The US Department of Defense (DoD) has released a “Plan to Establish Public Access to the Results of Federally Funded Research” (PDF). The plan provides details and next steps regarding the deposit of peer-reviewed journal articles and digital data resulting from intramural research, grants, and contracts as well as a timeline for implementing the plan. DoD does not expect full implementation of the plan for several years but, in the interim, the agency will launch pilot projects for voluntary submission of intramural, contract, and grant-published articles and data sets.
DoD’s repository, the Defense Technical Information Center (DTIC), will create and maintain a system for the long-term preservation and access to DoD-funded peer-reviewed journal literature. DTIC will also create and maintain a “catalog or locator” that identifies the location of DoD-funded publicly accessible data sets. DoD’s plan calls for a 12-month embargo for journal literature during which DTIC will link out to each article on the publisher’s website. Following the embargo period, DTIC will provide access to the article—either the author’s accepted manuscript or the final, published article, deposited by the grantee, contractor, or the DoD Intramural Program.
Like other agencies, DoD will a require Data Management Plan (DMP) for all agency-funded research. The DMP will describe the digital research data and how and where the data will be made available to the public. DoD will “implement a decentralized approach for storing data in public repositories.” The DMP will also describe how the data that underlies the article “will be available for discovery, retrieval, and analysis.” DoD will work with other federal agencies to provide: guidance on what to include in DMPs, sample DMPs, and guides to journal article copyright licenses. The DoD plan will “allow for inclusion of costs for data management and access in proposals.”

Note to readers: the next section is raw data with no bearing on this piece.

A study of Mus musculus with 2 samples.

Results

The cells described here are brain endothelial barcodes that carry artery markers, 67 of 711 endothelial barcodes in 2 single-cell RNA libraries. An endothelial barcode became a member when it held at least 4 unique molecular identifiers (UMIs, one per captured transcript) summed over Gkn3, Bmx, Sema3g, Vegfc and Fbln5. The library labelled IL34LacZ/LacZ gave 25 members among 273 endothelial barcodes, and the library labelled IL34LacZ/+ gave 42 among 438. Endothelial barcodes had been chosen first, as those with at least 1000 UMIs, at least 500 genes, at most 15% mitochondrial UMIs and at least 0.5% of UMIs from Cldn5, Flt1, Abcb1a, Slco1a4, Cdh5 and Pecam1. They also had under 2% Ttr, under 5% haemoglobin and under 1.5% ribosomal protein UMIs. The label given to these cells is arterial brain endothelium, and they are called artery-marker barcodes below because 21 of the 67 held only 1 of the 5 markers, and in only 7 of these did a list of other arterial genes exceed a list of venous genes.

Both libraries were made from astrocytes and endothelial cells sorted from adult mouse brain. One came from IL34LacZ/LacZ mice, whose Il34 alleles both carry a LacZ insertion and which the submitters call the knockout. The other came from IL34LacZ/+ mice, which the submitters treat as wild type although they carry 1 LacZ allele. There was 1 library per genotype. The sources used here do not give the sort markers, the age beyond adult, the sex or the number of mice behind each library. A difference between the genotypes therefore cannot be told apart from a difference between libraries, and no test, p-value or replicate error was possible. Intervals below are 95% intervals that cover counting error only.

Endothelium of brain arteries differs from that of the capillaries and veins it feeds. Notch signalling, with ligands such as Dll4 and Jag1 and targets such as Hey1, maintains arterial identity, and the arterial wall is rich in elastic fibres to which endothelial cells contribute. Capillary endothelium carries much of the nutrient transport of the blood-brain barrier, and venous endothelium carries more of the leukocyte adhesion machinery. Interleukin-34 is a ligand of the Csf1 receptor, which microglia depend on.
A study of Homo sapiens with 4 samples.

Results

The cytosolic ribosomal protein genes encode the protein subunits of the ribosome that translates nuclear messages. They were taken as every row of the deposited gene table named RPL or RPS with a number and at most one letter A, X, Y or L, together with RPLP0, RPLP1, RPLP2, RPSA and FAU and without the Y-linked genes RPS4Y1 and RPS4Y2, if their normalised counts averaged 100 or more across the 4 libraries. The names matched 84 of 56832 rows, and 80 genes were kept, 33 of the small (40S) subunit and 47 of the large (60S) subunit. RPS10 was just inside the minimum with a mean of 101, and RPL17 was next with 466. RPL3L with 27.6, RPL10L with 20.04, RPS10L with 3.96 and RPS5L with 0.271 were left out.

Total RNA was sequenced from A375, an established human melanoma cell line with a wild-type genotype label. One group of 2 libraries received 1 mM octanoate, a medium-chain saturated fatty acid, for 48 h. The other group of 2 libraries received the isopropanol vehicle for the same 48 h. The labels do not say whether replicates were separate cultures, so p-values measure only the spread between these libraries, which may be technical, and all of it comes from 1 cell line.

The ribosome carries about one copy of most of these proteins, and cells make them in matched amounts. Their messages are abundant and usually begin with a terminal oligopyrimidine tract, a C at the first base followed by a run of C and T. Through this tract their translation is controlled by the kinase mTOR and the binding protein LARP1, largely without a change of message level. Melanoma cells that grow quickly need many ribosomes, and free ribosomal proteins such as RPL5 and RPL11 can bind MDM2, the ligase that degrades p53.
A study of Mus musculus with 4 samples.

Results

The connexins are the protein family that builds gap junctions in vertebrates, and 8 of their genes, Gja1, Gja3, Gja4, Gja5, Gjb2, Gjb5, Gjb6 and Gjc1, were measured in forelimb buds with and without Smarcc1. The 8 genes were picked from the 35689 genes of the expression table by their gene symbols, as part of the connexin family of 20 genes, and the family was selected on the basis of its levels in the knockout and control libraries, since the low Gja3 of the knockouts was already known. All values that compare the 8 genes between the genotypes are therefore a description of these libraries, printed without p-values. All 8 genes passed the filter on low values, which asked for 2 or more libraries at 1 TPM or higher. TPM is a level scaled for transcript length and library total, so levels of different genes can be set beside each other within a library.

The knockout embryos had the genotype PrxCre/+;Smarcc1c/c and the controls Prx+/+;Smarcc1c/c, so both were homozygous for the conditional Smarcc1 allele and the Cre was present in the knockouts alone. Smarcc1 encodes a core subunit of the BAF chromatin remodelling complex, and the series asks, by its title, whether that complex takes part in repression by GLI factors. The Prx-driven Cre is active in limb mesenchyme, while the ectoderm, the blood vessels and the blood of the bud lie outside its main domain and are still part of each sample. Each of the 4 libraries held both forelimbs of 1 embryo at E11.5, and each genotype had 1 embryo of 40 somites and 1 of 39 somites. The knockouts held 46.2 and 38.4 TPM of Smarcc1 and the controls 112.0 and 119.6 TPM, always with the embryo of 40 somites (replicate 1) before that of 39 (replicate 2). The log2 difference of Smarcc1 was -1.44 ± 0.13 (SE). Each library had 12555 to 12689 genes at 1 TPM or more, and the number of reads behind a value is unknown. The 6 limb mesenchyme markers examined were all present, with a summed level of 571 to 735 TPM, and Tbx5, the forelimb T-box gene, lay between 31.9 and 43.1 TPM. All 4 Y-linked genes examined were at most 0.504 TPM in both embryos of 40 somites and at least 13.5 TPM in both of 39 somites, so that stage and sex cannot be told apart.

Bulk downloads will only be permitted through a special arrangement with DoD. In addition, DoD will develop a web-based compliance mechanism that will issue “certification tokens” to authors when submitting articles for inclusion in the DTIC repository. DoD will also consider utilizing existing federal data sources such as USAspending.gov and the Federal Procurement Data System for compliance and tracking of DoD-funded peer-reviewed journal articles and digital data sets.
Unlike other publicly released agency public access plans, DoD calls for a 24-month rulemaking process to engage all stakeholders in commenting on the DoD plan. DoD anticipates that implementation of the public access policy in grant and contract regulations will occur by the fourth quarter of FY 2016. Public access requirements will not be retroactive.
Links to the federal agency plans and policies that have been released to date are being collected on the ARL website.